Dibari, Camilla, Argenti, Giovanni, Catolfi, Francesco, Moriondo, Marco, Staglianò, Nicolina, Bindi, Marco
Italian journal of agronomy 2015 v.10 no.3 pp. 8
General Circulation Models, artificial intelligence, biodiversity, climate change, climatic factors, climatology, databases, geographic information systems, grasslands, grazing, land cover, pastures, temperature, thermophilic microorganisms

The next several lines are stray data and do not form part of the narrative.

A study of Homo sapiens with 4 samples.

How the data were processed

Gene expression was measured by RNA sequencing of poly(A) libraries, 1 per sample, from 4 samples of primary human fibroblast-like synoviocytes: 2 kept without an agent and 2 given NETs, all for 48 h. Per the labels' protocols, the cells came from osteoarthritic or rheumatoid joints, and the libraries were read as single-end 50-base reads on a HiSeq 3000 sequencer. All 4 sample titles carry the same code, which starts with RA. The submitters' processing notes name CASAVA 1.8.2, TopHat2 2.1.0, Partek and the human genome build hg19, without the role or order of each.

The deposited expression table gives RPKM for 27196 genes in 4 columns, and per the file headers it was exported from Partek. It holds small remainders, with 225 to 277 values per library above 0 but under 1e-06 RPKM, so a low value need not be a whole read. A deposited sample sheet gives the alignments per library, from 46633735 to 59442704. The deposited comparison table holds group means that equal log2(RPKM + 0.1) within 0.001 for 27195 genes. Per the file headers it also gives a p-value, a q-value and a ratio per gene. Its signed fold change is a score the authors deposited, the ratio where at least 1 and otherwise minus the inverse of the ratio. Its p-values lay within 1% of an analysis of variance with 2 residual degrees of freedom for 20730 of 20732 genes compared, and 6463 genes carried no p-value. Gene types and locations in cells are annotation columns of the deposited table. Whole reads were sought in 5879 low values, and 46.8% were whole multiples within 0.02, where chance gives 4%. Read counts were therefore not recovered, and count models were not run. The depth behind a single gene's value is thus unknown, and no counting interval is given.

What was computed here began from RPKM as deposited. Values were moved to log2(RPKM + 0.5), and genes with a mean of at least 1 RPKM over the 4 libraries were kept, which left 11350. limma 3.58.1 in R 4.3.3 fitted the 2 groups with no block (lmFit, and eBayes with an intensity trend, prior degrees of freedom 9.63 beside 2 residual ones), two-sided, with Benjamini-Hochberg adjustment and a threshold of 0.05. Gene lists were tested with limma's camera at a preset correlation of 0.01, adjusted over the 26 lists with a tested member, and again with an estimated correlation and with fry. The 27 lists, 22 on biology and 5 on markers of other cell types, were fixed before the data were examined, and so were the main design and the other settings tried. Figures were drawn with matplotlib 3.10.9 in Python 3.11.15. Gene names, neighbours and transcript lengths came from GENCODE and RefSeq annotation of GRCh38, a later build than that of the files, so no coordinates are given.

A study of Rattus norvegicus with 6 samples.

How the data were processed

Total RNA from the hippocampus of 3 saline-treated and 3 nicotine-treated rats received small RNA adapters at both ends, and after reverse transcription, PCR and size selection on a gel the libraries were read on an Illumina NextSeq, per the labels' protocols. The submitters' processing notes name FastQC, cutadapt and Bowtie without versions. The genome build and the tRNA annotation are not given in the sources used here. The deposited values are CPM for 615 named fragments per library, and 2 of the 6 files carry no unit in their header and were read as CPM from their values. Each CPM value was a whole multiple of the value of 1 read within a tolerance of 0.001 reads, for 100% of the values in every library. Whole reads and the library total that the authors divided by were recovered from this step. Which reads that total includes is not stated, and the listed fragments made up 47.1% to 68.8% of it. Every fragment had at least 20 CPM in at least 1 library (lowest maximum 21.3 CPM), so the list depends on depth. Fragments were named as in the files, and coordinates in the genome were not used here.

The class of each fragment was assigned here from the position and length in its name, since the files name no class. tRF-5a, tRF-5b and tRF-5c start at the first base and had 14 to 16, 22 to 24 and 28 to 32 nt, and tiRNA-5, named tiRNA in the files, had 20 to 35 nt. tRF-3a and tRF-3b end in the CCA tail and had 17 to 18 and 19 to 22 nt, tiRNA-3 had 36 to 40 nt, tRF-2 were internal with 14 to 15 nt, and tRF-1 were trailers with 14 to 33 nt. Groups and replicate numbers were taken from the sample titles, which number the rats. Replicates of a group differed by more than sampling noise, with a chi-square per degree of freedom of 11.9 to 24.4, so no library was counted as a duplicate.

This work aims at evaluating the impacts of climate change on pastoral resources located along the Apennines chain. To this end, random forest machine learning model was first calibrated for the present period and then applied to future conditions, as projected by HadCM3 general circulation model, in order to simulate possible spatial variation/shift of pastoral areas in two time slices (centred on 2050 and 2080) under A2 and B2 SRES scenarios. Pre-existent spatial database, namely Corine land cover map and WorldClim, were integrated and harmonised in a GIS environment in order to extract climate variables (mean seasonal precipitation, mean maximum temperature of the warmest month and minimum temperature of the coldest month) and response variables (presence/absence of pastures) to be used as model predictors. Random forest model resulted robust and coherent to simulate pastureland suitability under current climatology (classification accuracy error=19%). Accordingly, results indicated that increases in temperatures coupled with decreases in precipitation, as simulated by HadCM3 in the future, would have impacts of great concern on potential pasture distribution. In the specific, an overall decline of pasturelands suitability is predicted by the middle of the century in both A2 (–46%) and B2 (–41%) along the entire chain. However, despite alarming reductions in pastures suitability along the northern (–69% and –71% under A2 and B2 scenarios, respectively) and central Apennines (–90% under both scenarios) by the end of the century, expansions are predicted along the southern areas of the chain (+96% and +105% under A2 and B2 scenarios, respectively). This may be probably due to expansions in pastures dominated by xeric and thermophiles species, which will likely benefit from warmer and drier future conditions predicted in the southern zone of the chain by the HadCM3. Hence, the expected climate, coupled with an increasing abandonment of the traditional grazing practices, will likely threat grassland biodiversity as well as pastoral potential distribution currently dominating the Apennines chain.